Potential SLE Drug Receives US Patent

Potential SLE Drug Receives US Patent
Mount Tam gets patent for SLE drug

Novato-based Mount Tam Biotechnologies announced the U.S. Patent and Trademark Office has issued a key patent for the company’s lead systemic lupus erythematous (SLE) drug candidate, TAM-01, an innovative small-molecule modulator of the mTOR pathway that plays an important role in regulating the cell cycle.

The patent, owned by The Buck Institute for Research on Aging and fully licensed to Mount Tam through a worldwide exclusive licensing and collaboration agreement, provides composition-of-matter protection for TAM-01 until December 2032.

The Buck Institute is the nation’s first independent research facility focused solely on understanding the connection between aging and chronic diseases.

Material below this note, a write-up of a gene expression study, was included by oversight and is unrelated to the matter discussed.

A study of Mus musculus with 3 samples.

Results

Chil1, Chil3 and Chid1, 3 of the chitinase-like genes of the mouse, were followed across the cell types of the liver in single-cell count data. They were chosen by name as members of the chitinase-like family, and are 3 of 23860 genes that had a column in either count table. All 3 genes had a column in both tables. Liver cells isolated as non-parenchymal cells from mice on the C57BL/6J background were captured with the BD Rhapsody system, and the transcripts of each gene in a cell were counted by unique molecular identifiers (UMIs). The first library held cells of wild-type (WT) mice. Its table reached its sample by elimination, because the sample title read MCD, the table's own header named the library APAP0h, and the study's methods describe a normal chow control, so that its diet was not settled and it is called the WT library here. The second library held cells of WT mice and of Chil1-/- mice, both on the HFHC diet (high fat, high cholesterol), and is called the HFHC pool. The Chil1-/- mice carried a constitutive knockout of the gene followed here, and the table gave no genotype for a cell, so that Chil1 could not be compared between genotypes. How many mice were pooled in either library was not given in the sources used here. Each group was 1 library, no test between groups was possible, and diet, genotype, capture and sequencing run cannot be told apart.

“This is an important step for Mount Tam, significantly strengthening our intellectual property portfolio while providing a clear runway for our lead compound, TAM-01, which we believe has the potential to be an important new treatment option for patients with systemic lupus erythematous (SLE),” Richard Marshak, Mount Tam CEO, said in a recent press release.

Mount Tam plans to begin the Investigational New Drug (IND) application phase for TAM-01 with the FDA. The company has already completed non-GLP pre-clinical development for the compound in an effort to advance TAM-01 for the treatment of SLE in a growing orphan drug market.


The study, “Genome-wide association meta-analysis in Chinese and European individuals identifies ten new loci associated with systemic lupus erythematosus,” published in the journal Nature Genetics, could spur the development of tests for predicting lupus risk, and possibly allow a more personalized approach to treat the autoinflammatory condition, according to the study’s senior author Timothy Vyse, PhD.